The IATSE Local One (International Alliance of Theatrical Stage Employees) has stated that the Metropolitan Opera is unlikely to reopen in 2021.
The union, which represents the stagehands, technicians, and skilled craftspeople, noted that the current lockout of its workers is likely to continue for the next months.
In December, the Met locked out workers and has since remained closed and the company’s management has refused to negotiate fairly, insisting on 30 percent, take-it-or-leave-it wage cuts that would remain in effect long after audiences return to the theater.
IATSE Local One President James J. Claffey Jr. noted the situation is not a case of workers withholding their labor and stated, “This is Peter Gelb, the Met’s general manger, and his board, locking the doors, refusing to sincerely come to the bargaining table and cruelly inflicting harm on our members already hurt by the pandemic. This is shameful behavior.”
He added the Metropolitan Opera is the only arts company in America that has locked out its workers and said “other performing arts companies are raising funds from patrons and rallying support around helping their workers during this long, unprecedented intermission in the arts.”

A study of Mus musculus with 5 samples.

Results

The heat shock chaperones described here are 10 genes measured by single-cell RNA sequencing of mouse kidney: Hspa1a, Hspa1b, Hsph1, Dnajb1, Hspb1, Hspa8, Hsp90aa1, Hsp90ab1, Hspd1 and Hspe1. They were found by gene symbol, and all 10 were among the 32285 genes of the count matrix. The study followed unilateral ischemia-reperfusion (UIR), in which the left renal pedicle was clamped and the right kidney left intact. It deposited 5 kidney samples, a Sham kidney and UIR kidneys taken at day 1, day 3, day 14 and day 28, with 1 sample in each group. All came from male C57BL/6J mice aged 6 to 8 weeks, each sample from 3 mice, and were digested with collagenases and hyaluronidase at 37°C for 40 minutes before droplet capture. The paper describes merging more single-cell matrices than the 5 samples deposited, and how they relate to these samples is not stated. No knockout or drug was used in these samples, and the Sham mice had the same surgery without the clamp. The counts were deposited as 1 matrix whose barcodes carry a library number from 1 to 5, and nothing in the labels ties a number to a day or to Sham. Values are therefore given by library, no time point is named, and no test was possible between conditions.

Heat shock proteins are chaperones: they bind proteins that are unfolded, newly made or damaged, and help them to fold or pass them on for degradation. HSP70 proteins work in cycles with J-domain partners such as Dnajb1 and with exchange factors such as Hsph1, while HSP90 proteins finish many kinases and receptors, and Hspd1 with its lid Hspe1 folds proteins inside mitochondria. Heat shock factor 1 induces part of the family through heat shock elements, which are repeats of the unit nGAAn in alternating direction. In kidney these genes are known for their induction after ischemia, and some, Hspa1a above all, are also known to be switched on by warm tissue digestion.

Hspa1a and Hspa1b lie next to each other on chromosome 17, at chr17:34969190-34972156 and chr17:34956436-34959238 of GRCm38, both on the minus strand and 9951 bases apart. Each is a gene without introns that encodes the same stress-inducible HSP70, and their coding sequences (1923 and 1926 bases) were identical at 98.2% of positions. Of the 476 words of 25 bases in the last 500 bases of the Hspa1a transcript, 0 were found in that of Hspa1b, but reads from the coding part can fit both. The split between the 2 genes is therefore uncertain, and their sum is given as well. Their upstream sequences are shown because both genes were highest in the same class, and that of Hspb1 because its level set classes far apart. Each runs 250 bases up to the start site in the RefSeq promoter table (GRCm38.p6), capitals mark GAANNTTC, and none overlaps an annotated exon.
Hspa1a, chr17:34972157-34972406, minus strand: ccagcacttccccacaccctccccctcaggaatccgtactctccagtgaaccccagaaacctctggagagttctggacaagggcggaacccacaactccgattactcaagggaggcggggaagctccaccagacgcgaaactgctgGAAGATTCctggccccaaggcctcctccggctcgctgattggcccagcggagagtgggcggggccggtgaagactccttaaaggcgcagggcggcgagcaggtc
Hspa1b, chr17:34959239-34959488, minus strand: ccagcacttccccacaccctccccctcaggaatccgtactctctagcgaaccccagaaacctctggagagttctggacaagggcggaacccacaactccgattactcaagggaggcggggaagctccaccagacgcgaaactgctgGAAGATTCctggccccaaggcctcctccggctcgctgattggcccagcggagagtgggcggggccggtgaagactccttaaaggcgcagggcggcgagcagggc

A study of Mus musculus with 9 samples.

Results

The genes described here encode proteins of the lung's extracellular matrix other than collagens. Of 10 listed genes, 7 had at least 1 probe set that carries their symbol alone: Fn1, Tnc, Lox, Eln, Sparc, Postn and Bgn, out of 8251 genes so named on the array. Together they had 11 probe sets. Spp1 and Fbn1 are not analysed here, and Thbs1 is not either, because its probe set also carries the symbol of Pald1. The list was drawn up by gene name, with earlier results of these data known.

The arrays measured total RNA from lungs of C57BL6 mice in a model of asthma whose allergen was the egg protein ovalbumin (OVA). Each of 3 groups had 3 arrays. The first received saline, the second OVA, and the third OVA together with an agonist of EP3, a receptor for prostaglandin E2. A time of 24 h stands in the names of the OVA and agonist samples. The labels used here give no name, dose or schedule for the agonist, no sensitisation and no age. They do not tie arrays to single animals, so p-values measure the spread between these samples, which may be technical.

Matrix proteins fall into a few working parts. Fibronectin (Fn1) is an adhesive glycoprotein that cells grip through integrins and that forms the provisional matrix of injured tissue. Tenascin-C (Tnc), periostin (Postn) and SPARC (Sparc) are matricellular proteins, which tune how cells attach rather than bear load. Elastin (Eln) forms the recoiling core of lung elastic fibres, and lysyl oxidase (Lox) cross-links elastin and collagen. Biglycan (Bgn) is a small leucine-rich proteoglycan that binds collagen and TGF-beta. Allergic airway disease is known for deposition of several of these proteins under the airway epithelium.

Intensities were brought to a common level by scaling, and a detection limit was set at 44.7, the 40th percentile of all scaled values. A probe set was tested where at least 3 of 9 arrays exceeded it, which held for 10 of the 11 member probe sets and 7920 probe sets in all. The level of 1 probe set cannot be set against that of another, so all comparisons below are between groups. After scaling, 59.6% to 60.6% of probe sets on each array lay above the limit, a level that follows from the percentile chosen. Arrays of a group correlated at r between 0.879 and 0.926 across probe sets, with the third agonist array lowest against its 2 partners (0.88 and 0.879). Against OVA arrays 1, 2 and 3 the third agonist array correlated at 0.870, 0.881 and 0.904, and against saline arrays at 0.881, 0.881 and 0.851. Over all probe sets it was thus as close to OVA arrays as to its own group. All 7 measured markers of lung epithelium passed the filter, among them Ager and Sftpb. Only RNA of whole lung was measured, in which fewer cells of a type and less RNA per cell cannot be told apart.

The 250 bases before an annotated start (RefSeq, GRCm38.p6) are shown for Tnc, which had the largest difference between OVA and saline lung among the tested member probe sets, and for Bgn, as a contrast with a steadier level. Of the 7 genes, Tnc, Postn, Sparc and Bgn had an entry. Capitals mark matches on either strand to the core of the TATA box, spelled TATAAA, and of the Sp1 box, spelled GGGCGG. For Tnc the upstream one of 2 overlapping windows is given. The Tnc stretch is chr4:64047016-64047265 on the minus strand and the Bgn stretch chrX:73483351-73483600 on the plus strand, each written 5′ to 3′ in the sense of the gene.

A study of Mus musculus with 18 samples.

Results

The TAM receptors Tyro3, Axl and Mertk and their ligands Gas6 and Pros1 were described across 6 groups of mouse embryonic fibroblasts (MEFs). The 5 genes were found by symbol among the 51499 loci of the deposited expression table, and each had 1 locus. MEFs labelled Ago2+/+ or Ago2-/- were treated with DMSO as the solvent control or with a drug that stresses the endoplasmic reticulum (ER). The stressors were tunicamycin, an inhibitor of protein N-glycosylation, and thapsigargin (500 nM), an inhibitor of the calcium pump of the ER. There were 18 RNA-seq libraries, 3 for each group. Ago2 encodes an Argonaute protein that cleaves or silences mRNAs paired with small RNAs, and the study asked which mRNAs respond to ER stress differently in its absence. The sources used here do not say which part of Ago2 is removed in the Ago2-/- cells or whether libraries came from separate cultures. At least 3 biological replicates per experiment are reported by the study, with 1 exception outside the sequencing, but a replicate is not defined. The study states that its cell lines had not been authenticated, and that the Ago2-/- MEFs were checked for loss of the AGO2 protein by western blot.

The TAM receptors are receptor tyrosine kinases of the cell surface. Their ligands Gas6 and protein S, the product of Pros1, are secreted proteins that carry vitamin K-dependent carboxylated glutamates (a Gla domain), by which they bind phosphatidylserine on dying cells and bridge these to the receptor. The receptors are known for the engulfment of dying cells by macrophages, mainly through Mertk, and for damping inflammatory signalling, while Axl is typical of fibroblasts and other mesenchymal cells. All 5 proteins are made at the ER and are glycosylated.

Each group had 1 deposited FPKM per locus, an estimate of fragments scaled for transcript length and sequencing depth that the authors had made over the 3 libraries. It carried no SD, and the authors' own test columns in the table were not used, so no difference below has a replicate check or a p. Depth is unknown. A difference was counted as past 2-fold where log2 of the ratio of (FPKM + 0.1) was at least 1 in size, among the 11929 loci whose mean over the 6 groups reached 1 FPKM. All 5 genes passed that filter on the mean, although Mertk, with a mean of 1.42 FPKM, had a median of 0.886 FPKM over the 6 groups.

The union also noted that the Met sent production work for “Don Carlos” and “Rigoletto” to Wales and “Fire Shut up in My Bones” to the West Coast. Loeb accused Gelb of betraying his workers stating “Gelb has denied the workers an income and worse has outsourced their work overseas at a time when they could use employment since they have been unable to work because of the pandemic.”
IATSE has reached out to donors, including the Ford Foundation, and elected leaders to ask them to withhold support for the Met Opera until negotiations resume.
According to Union officials, Gelb was paid over $2.1 million in combined pay and benefits for running the nonprofit, according to the Metropolitan Opera’s 2020 filing.
The union also claimed “He is sitting out the pandemic in a luxury midtown apartment provided by the opera company. While he claims not to be taking compensation currently, his pay will likely be made up later through deferred compensation or bonuses.”
At the start of the pandemic, Gelb announced that he was forfeiting his 1.4 million salary during the time the company would be shuttered. The Metropolitan Opera is slated to reopen its 2021-22 season on Sept. 27 with Terence Blanchard’s “Fire Shut up in my Bones.” The company is currently presenting its Met Live Concert series which continues on May 8, 2021.
OperaWire has reached out to the Metropolitan Opera for further comments. We will be updated with further information.